Doug Hilton is the new CSIRO chief

Joseph Brookes
Senior Reporter

Molecular and cellular biologist Professor Doug Hilton will be the next chief executive of the CSIRO, replacing its longest serving leader Dr Larry Marshall when he steps down later this month.

Professor Hilton is director of the Walter and Eliza Hall Institute of Medical Research (WEHI), where he leads a research program investigating blood cell production and how cells communicate with each other.

The WEHI is the oldest research institute in Australia and Professor Hilton has helped expand its program and translate its research by collaborating with the wider sector, industry partners and venture capitalists.

Professor Hilton was appointed to the role by the CSIRO’s board of directors. He will begin on September 29.

New CSIRO chief: Doug Hilton is a renowned molecular and cellular biologist. Image: supplied

Industry and Science minister Ed Husic announced the appointment on Monday.

“Professor Hilton brings decades of experience to this role, which will no doubt prove invaluable to helping address some of Australia’s greatest scientific challenges,” Mr Husic said.

“Professor Hilton’s research into blood cell production and communication has helped Australians live longer, healthier lives.

“Beyond this, he has shown a real commitment to boost gender equality and diversity in sciences, something I am also incredibly passionate about. ”

Professor Hilton’s research focuses on blood cell production, function, and communication, with a goal to improving the prevention, diagnosis and treatment of blood and immune disorders like blood cancers, arthritis and asthma.

He spent nearly four decades with the WEHI, including the last 14 as its director, overseeing the expansion of the institute and a push for collaboration with the wider medical research sector and industry.

“CSIRO is a unique national treasure, there to deliver science for the benefit of the community. The intent of CSIRO and my personal values are completely aligned, and I am looking forward to leading CSIRO as we work to solve our nation’s greatest challenges,” Professor Hilton said.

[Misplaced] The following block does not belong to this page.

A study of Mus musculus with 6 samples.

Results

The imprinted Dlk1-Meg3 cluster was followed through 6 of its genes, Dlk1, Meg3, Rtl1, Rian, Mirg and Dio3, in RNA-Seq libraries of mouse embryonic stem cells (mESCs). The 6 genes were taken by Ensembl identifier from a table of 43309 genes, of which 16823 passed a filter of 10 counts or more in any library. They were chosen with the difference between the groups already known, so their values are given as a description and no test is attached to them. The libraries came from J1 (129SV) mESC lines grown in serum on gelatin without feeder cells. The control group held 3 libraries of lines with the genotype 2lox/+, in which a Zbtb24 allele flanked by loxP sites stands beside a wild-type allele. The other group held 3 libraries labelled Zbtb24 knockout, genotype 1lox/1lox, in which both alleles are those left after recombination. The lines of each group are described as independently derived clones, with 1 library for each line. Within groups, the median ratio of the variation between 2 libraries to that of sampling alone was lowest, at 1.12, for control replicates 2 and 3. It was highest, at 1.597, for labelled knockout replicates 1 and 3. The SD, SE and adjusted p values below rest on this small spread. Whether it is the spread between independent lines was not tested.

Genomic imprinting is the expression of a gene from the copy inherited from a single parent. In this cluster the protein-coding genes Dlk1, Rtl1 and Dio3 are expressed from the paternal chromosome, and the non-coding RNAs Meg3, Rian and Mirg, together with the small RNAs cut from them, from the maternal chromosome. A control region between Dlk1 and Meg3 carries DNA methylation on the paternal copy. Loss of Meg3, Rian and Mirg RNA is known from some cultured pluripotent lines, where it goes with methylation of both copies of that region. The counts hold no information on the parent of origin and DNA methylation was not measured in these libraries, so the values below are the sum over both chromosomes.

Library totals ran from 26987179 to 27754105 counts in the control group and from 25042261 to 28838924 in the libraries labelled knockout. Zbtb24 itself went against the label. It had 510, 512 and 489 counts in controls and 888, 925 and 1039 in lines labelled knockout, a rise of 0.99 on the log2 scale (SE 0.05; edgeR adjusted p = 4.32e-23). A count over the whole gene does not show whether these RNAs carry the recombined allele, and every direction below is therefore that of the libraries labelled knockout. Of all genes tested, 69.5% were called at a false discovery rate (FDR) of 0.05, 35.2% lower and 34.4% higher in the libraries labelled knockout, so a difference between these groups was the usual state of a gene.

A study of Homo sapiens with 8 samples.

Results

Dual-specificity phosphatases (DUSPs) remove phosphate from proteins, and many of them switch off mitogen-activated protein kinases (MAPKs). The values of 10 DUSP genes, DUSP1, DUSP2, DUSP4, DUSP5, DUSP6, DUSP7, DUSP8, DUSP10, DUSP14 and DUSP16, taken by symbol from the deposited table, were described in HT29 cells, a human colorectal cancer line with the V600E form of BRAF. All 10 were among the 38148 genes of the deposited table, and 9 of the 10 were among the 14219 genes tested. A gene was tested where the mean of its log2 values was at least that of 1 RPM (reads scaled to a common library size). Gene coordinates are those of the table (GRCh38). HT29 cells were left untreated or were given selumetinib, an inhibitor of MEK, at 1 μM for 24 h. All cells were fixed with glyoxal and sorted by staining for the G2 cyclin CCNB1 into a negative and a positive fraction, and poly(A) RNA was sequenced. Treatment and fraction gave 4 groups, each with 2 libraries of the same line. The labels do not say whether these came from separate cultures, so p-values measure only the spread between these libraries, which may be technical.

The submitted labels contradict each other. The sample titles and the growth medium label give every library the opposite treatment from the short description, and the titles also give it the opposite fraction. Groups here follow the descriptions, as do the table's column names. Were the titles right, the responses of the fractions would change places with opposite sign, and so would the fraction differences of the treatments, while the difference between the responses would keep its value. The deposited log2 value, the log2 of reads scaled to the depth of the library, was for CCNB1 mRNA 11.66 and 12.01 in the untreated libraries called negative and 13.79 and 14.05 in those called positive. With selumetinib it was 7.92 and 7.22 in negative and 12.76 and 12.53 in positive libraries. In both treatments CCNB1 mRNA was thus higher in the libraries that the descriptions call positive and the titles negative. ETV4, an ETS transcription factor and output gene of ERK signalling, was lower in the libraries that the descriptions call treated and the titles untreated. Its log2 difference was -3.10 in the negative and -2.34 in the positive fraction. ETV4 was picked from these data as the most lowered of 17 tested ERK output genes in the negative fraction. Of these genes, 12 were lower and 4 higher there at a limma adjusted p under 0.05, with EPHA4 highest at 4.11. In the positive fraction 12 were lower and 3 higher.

“I will join CSIRO, after leading WEHI where our staff and students strive to help people live healthier for longer. At CSIRO I know that same sentiment will be there and that’s incredibly important to me. I’m looking forward to meeting the researchers and those that support and enable them, and to hearing about the science.”

Professor Hilton is also the Lorenzo and Pamela Galli Chair in Medical Biology and head of the Department of Medical Biology in the Faculty of Medicine, Dentistry and Health Sciences at the University of Melbourne.

He was director of the Cooperative Research Centre (CRC) for Cellular Growth Factors for four years and was elected as a Fellow of the Australian Academy of Science in 2004.

CSIRO board chair Kathryn Fagg welcomed the new chief executive as a “much-respected researcher, leader and communicator of the better outcomes science can deliver”.

“His fourteen years leading WEHI have been exemplified by his passion for research, mentoring and supporting young researchers, building the infrastructure to support the creativity of researchers and a dedication to translating research to improve the lives of Australians,” she said

“Beyond research, Doug has emphasised the importance of strong institutional cultures, and furthered diversity in science.

Dr Larry Marshall will complete his third and final term as chief executive of CSIRO on June 30.

CSIRO executive director Kirsten Rose will act in the chief executive role from July 1 until Professor Hilton commences on September 29 this year.

Do you know more? Contact James Riley via Email.